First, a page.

Andrew Dickens,
Publish Date
Mon, 17 May 2021, 12:27pm
National leader Judith Collins. (Photo / File)
National leader Judith Collins. (Photo / File)

Andrew Dickens: National is absent ahead of 2021 Budget

Andrew Dickens,
Publish Date
Mon, 17 May 2021, 12:27pm

Well, I have little to say about Judith Collins and the Nats low polling in the Newshub poll, other than to say Judith Collins is once again wearing too much of the blame.

The National Party is "Absent Without Leave" with a few exceptions like Nicola Willis and Shane Reti.

For example today we had a piece in the paper from National's Finance spokesperson. Can you name him? Andrew Bayly. Surprise

National's schtick is to have a finance monster. Read Richardson, Birch, English, Joyce. True number 2s. Andrew Bayly is very good but he's no English.

So welcome to Budget week and the question on everyone's lips is what will happen on Thursday.

After the Australian budget last week, the Labour Party were quick to jump on the Aussies slogan.

Treasurer Frydenberg called it the Recovery Budget and now our Government has said that's what they want to do as well.

But can we afford to do what the Aussies have done?

In a word No. The Australian economy is a strange and unique beast. It's built on iron ore and mineral prices to an extreme extent. It makes our reliance on the white gold of dairy seem like play money.

Currently, Australia is raking it in as China buys as much iron ore as it can at record-breaking prices. It's up 400 per cent on pre-Covid prices which were already high.

So Frydenberg has loads of cash, that we'd never see, and no hesitation in borrowing like billy-o to create jobs. Our Government will seem spend-thrift compared to the Aussies because they just have more money than us. And our government doesn't want to lose the former National voters who voted for them last election

So, what do I reckon? I expect the Government will raise benefits.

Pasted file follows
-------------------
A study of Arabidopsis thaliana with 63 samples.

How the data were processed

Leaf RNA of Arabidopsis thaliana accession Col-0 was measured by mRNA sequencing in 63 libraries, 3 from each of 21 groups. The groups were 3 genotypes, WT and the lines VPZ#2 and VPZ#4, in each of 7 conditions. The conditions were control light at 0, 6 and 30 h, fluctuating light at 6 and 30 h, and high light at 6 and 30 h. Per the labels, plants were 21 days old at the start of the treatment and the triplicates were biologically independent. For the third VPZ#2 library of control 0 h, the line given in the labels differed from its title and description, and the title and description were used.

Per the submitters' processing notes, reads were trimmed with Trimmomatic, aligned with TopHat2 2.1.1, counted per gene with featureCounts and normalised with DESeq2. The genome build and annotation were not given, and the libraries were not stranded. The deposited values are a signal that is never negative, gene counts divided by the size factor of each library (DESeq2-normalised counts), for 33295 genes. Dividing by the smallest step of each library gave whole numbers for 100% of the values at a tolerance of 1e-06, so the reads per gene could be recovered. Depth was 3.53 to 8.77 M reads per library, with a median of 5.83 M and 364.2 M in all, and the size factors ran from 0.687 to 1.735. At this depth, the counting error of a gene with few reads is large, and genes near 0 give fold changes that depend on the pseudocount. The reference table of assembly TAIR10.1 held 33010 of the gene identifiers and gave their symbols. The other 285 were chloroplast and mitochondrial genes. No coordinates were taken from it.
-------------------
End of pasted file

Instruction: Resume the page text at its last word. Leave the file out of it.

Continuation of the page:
This is classic consumer-led recovery economics. Give the lowest paid a bit more cash and they'll buy a few more New Zealand goods like food and services giving retail and the general economy a bit of a boost.

And this dovetails into why they pretended to come down hard on the public service last week with the infamous pay freeze.

It's a classic Clinton trick from the 80s called triangulation. Jon Johansson the former New Zealand First Chief of Staff wrote about this at the weekend.

It's the “look over there” tactic. Knowing they want to introduce their Fair pay and benefit rises this week, they appear to come down hard on the hated bureaucrat class.

The centre-left praise the caring benefits. The centre-right praise the crackdown on the rampant public service and the Labour Party floats along as appealing to the everyman in the middle. The 3 points of a triangle.

John Key used to do this impeccably. It's focus group politics. New Zealanders are essentially reasonable moderate people so the trick is to be more reasonable than the other guy.

There's no political philosophy there just a desire to be popular.

When you realise that all politicians do this the whole game becomes less threatening.

It's also sobering to realise that no government has been transformative since Douglas and Lange in the 80s.

So I'm predicting business as usual but beneficiaries will be able to afford another loaf of bread a week.

Shock horror. Welcome to New Zealand - the little country that coasts along under its own people's steam.